The yellow school bus zoomed up and over the Robert F. Kennedy Bridge, through a ragged row of tired factories and lonely playing fields and past an eerily well-kept mini golf course before coming to a halt a stone’s throw from a massive white tent. There, I wavered under the damp East River breeze, anchored a few hundred yards off of Manhattan on Randall’s Island, for Frieze. The cultural Babylon seemed to be erected as a newfound art Mecca, one that the bespectacled Austrian across the aisle from me would now count among his yearly pilgrimages. The behemoth beckoned and we came.
This was my first fair—art fair, that is. Throughout the course of my young life, I have spent my due time in arts courses in both high school and college, and still set aside long days to peruse the city’s offering of galleries, but this experience, beneath a taut white tarp, would be unlike any I had had before. For me, art has always been a separate reality in which anything and everything is true, a reality I unquestioningly accept. It washes over me in a visceral way, as a deep pour of whiskey does. I never try to play the part of a savant, pedantic or otherwise. I’m only there to enjoy.
Walking in, I was instantaneously overwhelmed. The sheer size of it all! Growing up in the heart of the Midwest, I have hunkered down underneath my fair share of oversized tents—rodeos and barbecues, for the most part—but this was a different beast altogether. The labyrinth of galleries stretched on and on with no discernible horizon. The poor temperament of the weather outside cast a gloomy evening-esque light on the afternoon, but that was all forgotten at the door. Men in smart suits, bearded boys with untamed styles in tapered raw denim jeans and women—the women!—behind the clunky frames of their eyewear, adorned in knowing fashions, were hastily greeting one another. I was quickly whisked into the crowd, an outsider unnoticed, a stranger amongst friends.
I’m not quite sure what I had expected, but it surely wasn’t this. I had always observed art in near-hushed silence, whispered conversations barely carrying past the small hand movements that accompanied them—it was as if they were in on a secret that decorum would have them keep quiet, even though I would hardly know what they were talking about. But at the fair, amidst the gallerists and collectors, mothers with agreeing children in tow and twenty-somethings brought up with multimillion-dollar pieces decorating their families’ foyers, I felt let into an inside joke that I had for so long been left out of. There was an accessibility about the space and dialogue that welcomed me with open arms. Maybe the deals would be done later, but it felt as if behind the high dollar marks and jockeying for position with the buyers, there was an outpouring of mutual respect among the gallerists.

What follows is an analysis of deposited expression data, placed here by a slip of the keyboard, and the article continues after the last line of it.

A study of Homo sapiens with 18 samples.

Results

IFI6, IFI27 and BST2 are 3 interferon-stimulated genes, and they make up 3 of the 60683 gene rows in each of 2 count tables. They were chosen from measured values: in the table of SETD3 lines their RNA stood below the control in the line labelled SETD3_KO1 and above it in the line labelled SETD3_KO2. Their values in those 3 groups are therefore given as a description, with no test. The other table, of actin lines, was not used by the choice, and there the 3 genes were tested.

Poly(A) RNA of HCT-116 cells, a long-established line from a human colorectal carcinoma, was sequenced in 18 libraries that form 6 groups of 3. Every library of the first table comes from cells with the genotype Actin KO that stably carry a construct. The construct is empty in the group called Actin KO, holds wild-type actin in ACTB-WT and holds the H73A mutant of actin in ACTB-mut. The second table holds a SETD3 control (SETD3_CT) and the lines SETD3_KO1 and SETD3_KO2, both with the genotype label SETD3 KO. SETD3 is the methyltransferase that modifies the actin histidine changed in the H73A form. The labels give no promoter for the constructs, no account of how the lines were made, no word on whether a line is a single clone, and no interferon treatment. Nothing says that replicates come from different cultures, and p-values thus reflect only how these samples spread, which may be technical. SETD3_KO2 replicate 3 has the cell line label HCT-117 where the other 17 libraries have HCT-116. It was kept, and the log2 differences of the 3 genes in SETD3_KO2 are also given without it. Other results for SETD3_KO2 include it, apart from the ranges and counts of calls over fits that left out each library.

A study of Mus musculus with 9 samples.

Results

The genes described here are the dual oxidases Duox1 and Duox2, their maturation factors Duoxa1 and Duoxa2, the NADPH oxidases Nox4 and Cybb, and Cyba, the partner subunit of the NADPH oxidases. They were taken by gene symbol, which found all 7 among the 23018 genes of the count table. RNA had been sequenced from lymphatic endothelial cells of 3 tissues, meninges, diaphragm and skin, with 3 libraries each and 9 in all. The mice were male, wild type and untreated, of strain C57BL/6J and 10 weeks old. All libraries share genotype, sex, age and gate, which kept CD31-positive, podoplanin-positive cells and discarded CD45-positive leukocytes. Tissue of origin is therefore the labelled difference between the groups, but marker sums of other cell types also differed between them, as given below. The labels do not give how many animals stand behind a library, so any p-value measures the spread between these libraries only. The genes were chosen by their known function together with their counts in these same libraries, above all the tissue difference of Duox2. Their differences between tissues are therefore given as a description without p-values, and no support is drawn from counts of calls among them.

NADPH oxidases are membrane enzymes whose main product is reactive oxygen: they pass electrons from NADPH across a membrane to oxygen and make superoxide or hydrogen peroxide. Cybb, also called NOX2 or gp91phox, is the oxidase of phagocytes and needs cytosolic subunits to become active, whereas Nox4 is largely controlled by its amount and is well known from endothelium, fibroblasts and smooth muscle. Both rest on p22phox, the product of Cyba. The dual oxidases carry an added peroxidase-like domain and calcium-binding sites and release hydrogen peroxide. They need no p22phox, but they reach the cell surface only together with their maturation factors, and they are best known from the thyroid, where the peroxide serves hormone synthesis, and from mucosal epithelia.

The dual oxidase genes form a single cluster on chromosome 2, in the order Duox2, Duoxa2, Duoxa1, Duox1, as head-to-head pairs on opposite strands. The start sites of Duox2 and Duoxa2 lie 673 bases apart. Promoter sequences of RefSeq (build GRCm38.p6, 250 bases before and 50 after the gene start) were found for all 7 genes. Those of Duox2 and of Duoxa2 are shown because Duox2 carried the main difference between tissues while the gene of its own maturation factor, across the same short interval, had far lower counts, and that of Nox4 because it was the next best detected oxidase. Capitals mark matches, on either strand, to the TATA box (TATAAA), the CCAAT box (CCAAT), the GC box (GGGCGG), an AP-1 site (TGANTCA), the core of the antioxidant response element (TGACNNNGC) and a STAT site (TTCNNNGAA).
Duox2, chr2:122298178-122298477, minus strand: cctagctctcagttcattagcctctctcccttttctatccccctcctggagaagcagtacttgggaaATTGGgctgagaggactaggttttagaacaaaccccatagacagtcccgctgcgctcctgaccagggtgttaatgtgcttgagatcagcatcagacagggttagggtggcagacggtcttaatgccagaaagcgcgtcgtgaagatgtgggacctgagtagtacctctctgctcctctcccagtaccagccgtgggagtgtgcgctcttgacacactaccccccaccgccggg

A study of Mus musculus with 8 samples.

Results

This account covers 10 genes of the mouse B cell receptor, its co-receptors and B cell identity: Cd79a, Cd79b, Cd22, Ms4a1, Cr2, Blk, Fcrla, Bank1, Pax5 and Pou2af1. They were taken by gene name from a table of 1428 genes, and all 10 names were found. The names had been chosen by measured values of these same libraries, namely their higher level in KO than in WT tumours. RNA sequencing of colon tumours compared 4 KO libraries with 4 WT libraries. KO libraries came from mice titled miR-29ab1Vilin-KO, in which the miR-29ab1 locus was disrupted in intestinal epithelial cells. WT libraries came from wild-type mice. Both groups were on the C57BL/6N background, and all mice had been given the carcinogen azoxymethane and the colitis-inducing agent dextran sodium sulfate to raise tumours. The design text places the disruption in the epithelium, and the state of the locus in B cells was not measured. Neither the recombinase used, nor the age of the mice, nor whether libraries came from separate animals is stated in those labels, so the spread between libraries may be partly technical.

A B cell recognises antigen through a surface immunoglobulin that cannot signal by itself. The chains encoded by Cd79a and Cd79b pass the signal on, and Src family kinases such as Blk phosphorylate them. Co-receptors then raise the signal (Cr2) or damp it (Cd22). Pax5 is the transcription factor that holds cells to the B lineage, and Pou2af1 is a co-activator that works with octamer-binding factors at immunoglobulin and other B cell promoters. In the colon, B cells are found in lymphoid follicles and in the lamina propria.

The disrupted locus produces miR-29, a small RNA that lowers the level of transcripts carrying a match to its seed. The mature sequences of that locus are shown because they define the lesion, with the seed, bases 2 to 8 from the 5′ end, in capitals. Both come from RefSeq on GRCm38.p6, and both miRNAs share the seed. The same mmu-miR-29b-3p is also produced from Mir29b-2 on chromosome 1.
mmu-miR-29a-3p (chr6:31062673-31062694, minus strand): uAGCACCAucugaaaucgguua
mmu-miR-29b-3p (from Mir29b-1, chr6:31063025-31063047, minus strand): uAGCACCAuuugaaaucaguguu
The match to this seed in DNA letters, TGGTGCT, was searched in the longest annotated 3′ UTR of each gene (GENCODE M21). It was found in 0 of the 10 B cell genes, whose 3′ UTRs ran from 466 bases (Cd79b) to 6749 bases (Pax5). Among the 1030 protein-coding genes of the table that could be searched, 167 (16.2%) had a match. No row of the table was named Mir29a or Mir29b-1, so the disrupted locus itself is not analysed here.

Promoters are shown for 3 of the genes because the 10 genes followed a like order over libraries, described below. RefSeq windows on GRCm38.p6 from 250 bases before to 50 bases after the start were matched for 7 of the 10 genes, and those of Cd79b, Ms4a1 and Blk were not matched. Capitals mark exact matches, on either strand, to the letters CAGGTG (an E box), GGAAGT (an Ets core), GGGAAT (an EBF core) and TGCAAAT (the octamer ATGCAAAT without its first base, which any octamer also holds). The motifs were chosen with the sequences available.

There were recognizable bold-faced names attached to the booths, and I was vaguely familiar with a handful of faces, those I had seen on society pages or happened across at the occasional opening, but for the most part I was a newcomer, a partygoer arriving late, after the stale introductions had been made and everyone either knew each other or had already drunk their first few flutes and broken the ice. It’s a world in which value is unashamedly quantitative, tense competition is masked by class, and luxury is unapologetic, or at least that is how I perceived it through my green lenses. In most circumstances, I would have stuck out like a sore thumb. But in the bustling temporary city within earshot of Sotheby’s, where the $119.9 million gun was still smoking, I wandered without hesitation, aimlessly, with no real purpose aside from seeing as much as possible. It was quite different from the calculated intentionality with which I moved around in galleries trying to act in the know—there were too many distractions to look lost.
I came in under the impression that the galleries would be peacocking, but there was a level of self-confidence that I hadn’t expected. Perhaps art is such a common international language that there isn’t a question as to what is worth what—whatever the reason, the gallerists stood in wait, occasionally approaching old friends or frequent buyers, but for the most part gauging interest from afar. Collector Robert Lerhman recently compared the experience of art fairs to walking into a bar and hoping to fall in love in Peter Schjeldahl’s New Yorker essay, “All Is Fairs.” While I am admittedly not the target demographic, and few (well, none) cozied up next to me, I did leave with a good buzz.
As my eyes grew weary, a happy tired of an exhaustingly visual afternoon, I stumbled upon Gavin Brown’s booth, where the gallery’s namesake manned a grill with Mark Ruffalo, cooking up sausages for anyone who asked. Next to Rirkrit Tiravanija’s Untitled 2012 (Kramer and Newman Make Sausage), the smell wafted down the surrounding aisles, into the corners of adjacent galleries. Slowly at first, but then at a quickened shuffle, fair-goers congregated. Though the crowd was cut from a different cloth, they shared a similarity to the rodeos I had been to before: a shared spirit for a common cause. But, of course, in place of sauce stains were pocket squares.